Six Degrees of Separation – From Phosphorescence to The Immortal Life of Henrietta Lacks

Six Degrees of Separation is a meme hosted by Kate over at Books Are My Favourite and Best. It works like this: each month a book is chosen as a starting point and linked to six others to form a chain. A book doesn’t need to be connected to all the titles on the list, only to the one next to it in the chain.

Book covers

This month we’re starting with Julia Baird’s gorgeously jacketed Phosphorescence which I haven’t read but I gather it’s about sustaining an inner happiness even in the face of the darkest of times, which seems entirely appropriate considering all we’ve been through over the past year.

Baird’s book comes out of her own struggles with illness. Lots of authors have written books on that topic but the most striking I‘ve read is Anna Lyndsey’s Girl in the Dark in which she describes her skin’s inability to tolerate light of any kind. Lyndsey writes beautifully about her condition and the strategies she adopts to cope with it. Grace under pressure, for sure.

Mention of darkness brings to mind Christiane Ritter’s memoir A Woman in the Polar Night. In 1934, Ritter set off to spend a year with her hunter-trapper husband in the Arctic where she proved herself to be wonderfully resourceful. Highly recommended for both adventure and beautifully described landscape.

Which leads me to The Voyage of Narwhal, Andrea Barrett’s novel of ill-fated, nineteenth-century polar exploration in which an inexperienced enthusiast, accompanied by his naturalist brother-in-law, turns into a despotic ship’s captain.

Barrett also wrote a novel set in a tuberculosis sanatorium as did Linda Grant whose The Dark Circle celebrates both the setting up of the National Health Service and the discovery of an effective treatment for TB.

Austin Duffy’s This Living and Immortal Thing looks at another much-feared illness, cancer, through a young patient and her oncologist. Duffy’s novel does that thing that good fiction does – educates us and helps us understand what it’s like for others.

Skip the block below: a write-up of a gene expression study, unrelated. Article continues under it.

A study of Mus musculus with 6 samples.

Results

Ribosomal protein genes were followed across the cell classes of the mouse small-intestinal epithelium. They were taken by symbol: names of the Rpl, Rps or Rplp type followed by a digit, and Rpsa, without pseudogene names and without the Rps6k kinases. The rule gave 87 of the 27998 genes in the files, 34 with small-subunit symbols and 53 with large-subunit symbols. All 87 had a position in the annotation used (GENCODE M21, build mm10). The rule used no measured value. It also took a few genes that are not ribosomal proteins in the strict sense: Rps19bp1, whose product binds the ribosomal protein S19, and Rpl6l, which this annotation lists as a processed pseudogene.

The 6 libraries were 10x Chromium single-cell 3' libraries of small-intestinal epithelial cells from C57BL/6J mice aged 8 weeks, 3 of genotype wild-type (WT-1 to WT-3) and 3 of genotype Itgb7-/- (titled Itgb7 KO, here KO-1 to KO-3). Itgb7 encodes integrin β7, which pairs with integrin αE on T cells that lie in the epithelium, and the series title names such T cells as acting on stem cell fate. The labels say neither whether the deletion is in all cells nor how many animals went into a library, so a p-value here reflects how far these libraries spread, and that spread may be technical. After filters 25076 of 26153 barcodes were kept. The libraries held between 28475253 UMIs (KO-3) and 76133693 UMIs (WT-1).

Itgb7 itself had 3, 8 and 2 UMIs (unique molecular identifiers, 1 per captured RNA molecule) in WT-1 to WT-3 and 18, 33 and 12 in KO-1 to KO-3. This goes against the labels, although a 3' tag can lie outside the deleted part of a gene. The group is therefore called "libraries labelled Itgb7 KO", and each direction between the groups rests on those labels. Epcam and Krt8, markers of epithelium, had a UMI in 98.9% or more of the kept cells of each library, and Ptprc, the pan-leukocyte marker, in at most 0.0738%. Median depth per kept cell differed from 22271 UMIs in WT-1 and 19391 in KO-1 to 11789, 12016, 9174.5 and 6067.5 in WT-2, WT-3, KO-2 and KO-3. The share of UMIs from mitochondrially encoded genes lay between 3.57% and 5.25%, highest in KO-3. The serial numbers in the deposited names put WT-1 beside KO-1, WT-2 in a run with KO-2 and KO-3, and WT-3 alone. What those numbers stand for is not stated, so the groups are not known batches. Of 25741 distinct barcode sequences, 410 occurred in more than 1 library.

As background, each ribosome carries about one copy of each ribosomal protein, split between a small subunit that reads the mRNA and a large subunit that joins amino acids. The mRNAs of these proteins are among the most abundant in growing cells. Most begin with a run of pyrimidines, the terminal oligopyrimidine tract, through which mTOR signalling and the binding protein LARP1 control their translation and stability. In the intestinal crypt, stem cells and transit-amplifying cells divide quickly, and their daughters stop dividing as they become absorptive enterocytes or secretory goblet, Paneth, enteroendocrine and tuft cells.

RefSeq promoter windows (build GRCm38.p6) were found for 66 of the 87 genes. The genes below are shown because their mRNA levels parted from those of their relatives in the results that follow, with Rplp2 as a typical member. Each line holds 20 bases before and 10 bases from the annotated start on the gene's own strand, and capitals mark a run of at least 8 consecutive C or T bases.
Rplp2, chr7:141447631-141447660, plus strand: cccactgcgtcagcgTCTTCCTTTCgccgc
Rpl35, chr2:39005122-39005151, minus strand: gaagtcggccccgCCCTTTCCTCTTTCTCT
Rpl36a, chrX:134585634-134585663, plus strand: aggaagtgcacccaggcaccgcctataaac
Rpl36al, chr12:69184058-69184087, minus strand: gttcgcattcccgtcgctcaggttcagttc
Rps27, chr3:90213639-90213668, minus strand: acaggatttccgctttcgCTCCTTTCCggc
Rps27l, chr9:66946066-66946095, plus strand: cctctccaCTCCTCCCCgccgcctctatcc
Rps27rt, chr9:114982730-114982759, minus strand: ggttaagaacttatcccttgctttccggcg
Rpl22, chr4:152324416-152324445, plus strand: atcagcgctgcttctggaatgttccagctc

A small leap from there to Rebecca Skloot’s The Immortal Life of Henrietta Lacks which follows the story of the Lacks’ cancerous cells, taken without her permission and replicated many times to form the basis of a multi-million dollar research industry.

This month’s Six Degrees has taken me from a book to help you find a way through hard times to a riveting account of medical research coupled with exploitation. Part of the fun of this meme is comparing the very different routes other bloggers take from each month’s starting point. If you’re interested, you can follow it on Twitter with the hashtag #6Degrees, check out the links over at Kate’s blog or perhaps even join in.

36 thoughts on “Six Degrees of Separation – From Phosphorescence to The Immortal Life of Henrietta Lacks”

  1. Such an interesting chain of books, most of which are new to me. As you say, part of the fun is seeing where others’ chains go – and mine took a very different route.

    1. Delighted to hear that! Such an enjoyable book. I was awestruck by the way Ritter not only coped in the Arctic but grew to love it so much she stayed beyond her alloted year.

  2. jenniferbeworr

    I’m really intrigued by the mention of Andrea Barrett’s having written a novel set in a sanatorium in WWI times. I looked it up and ordered it. How TB was handled at that time, divisions of wealth, questions of immigration, it sound like just what I’m after. Cheers!

    1. I hope you enjoy it, Jennifer. I remember being struck when reading both the Barrett and the Grant at the treatments prescribed for TB patients, fresh air being one of them no matter what the season. In The Dark Circle, two patients are wheeled out in their beds onto the veranda in the snow!

      1. jenniferbeworr

        Wheeled out onto verandas, in the snow! I’m curious to learn more about what how TB was handled at that time both in the US, where the Barrett book is set, and in the UK. Thank you again for the lead!

  3. I’m surprised I hadn’t heard of This Living and Immortal Thing before. I have his Ten Days on request from the library. I’ve read three of your picks this time (Grant, Ritter and Skloot) — always a bonus!

  4. Another fascinating chain. By the way, I have a friend with that skin condition and not being able to be exposed to light. There are new treatments out there including ones that help you slowly “harden” your skin to being exposed to light. She suffers, but she keeps going! I can’t imagine being that brave!

  5. That’s a really interesting chain. I found it difficult to get started with mine this month, but got there in the end! I haven’t read any of your six books, but I would like to read The Dark Circle as I remember enjoying one of Linda Grant’s other books.

  6. An interesting chain, Susan. I’ve not read any of them but The Voyage of Narwhal has been on my wishlist forever. This is a nice reminder to perhaps see if my library has it in stock.

  7. I like the way you constructed the chain so we move from dark to light. My interest was captured by the description of Austin Duffy’s novel, not a book to enjoy given the subject but one to appreciate.

  8. Tsk, tsk, that Linda Grant cover image in your collage will just never do! 🙂 Kidding, of course. It is a lovely tableau without it. Or, another way of looking at it, is a spot of light in the blue of it all.